The Himalayas Come to Berlin

The new climate roller dynamometer for high-altitude testing permits virtual drives up to an altitude of 5,300 meters – also important for RDE tests

IAV’s new climate roller dynamometer for high-altitude testing has been in service since the beginning of the year. The hightech test rig is capable of simulating altitudes of up to 5,300 meters as well as temperatures of between minus 30 and plus 40 degrees Celsius which is why many IAV customers also use it for RDE tests. There are only two facilities of its kind in the world – in Berlin and in China. Besides passenger cars, this dynamometer can also be used for light commercial vehicles of up to seven meters in length and 2.95 meters in height. A particular aspect is its integrated automation concept which IAV has developed in cooperation with partners.

The world’s highest mountain passes in the Himalayas and in the Andes get up to altitudes of over 5,000 meters. Vehicles also need to work reliably under the extreme conditions prevailing there – thin air and, in some cases, very low temperatures. So far, verifying this has only been possible on location with complicated tests involving great efforts and high costs. The test drivers are also restricted by the season and unforeseeable local weather conditions. This calls for tests on dynamometers that dispense with a large part of these test drives in real-world conditions.

This is exactly what IAV’s climate roller dynamometer for altitude testing can do. It delivers reproducible results under extreme conditions at any time, reducing the need for test drives in high mountains. This saves time and money, and helps to protect the environment. “The high-altitude climate roller dynamometer lets us generate extreme climatic conditions, such the combination of ‘hot and cold’, as in the Himalayas, as well as ‘high and hot’, as on Mount Kilimanjaro, and simulate them all year round. Our customers benefit from added certainty at an early stage in the development process while also shortening development cycles and reducing costs”, says Gerhard Buschmann, Executive Vice President for Powertrain and Power Engineering at IAV. The aim is to make between 80 and 90 percent of real-world test drives superfluous in the future.

Automation by combining several tools

A particular aspect of the high-altitude climate roller dynamometer is the integrated automation concept: Because available automation systems for roller dynamometers do not meet the requirements, integrated automation software comprising a combination of several tools has been produced in cooperation with Horiba, our long-standing partner. In conjunction with a roller dynamometer set for allwheel drives, Horiba supplies the STARS for Vehicle and VETS ONE application software.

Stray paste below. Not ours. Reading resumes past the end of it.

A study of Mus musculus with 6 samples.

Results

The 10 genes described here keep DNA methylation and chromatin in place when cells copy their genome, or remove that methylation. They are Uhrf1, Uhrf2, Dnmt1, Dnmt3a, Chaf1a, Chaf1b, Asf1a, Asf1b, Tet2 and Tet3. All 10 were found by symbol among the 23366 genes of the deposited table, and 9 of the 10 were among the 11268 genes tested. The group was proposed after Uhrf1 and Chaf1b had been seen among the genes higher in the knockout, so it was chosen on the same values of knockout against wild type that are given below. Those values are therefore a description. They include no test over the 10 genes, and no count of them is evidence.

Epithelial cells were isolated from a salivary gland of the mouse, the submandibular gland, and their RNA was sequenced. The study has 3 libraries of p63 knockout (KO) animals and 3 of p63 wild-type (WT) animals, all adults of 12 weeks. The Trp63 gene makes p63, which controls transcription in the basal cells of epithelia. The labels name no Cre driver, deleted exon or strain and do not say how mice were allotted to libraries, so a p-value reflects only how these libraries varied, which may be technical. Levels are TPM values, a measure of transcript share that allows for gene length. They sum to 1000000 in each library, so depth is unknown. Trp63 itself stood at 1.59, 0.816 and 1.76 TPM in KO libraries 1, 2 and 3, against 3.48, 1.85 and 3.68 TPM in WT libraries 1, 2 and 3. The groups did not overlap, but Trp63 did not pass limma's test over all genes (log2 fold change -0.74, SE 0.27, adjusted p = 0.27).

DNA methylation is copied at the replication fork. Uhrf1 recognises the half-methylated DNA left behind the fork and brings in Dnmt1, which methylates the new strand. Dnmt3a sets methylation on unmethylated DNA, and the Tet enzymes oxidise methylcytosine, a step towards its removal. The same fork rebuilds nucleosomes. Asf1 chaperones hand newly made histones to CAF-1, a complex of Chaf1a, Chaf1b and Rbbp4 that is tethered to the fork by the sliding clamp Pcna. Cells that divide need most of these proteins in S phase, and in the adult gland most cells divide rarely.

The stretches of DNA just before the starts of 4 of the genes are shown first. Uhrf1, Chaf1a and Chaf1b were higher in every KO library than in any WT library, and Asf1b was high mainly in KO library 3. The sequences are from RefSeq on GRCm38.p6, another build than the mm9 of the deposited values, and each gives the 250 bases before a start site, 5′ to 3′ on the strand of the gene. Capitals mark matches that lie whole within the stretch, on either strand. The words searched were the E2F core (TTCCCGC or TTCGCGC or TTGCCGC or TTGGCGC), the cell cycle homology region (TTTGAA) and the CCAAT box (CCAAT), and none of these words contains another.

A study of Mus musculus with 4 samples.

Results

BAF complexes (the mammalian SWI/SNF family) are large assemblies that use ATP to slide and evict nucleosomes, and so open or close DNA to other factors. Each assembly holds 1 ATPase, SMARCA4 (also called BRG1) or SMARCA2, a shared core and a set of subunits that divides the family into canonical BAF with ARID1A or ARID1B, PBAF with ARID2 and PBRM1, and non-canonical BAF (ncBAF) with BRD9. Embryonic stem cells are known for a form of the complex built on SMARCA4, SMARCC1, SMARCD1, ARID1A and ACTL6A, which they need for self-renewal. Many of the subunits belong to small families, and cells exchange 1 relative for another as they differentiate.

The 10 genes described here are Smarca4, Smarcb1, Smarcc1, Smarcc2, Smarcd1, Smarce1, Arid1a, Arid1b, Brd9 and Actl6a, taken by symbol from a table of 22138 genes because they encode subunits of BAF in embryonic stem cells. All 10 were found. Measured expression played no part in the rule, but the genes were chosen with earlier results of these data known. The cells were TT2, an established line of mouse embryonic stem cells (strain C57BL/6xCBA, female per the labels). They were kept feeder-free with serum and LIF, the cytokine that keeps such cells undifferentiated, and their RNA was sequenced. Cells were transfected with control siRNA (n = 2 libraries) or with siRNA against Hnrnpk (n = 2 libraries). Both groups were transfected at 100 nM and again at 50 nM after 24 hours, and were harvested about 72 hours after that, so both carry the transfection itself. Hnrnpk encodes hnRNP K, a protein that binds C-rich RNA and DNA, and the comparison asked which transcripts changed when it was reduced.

STARS plays a key part in automating the climate roller dynamometer: It is used for connecting and controlling all of the measuring instruments, the dynamometer roller, the safety equipment, IAV’s tools as well as the robot driver system. The VETS ONE program provides all driving and emission cycles. To simulate free driving, IAV has opted for the “CarMaker” software solution from IPG – a completely new tool for the roller dynamometer application which permits real-world road driving on the climate roller dynamometer.

The structure and use of CarMaker are geared toward real-world test driving in which the driver performs specific maneuvers in a test vehicle on any chosen route. In virtual test driving, the test drive remains reproducible at all times – in spite of being able to vary vehicle and journey data, driver behavior as well as operating strategy. Driving cycles and real-world journeys are easily simulated under real-world conditions with the user-friendly whole-vehicle
models, a high-performance driver model as well as the intuitive make-up of journeys and driving maneuvers. “This is particularly important for RDE tests. The car undergoes exactly the same road resistances as in real-world cornering or on real-world hill climbs”, Buschmann says.

Absolute highlight

Buschmann sees the facility as a new flagship for IAV. “It’s an absolute highlight that has put us at the pinnacle of all engineering partners. All of our colleagues involved are extremely proud of it, and even our customers get a gleam in their eyes when they set sight on the new climate roller dynamometer for high-altitude testing.”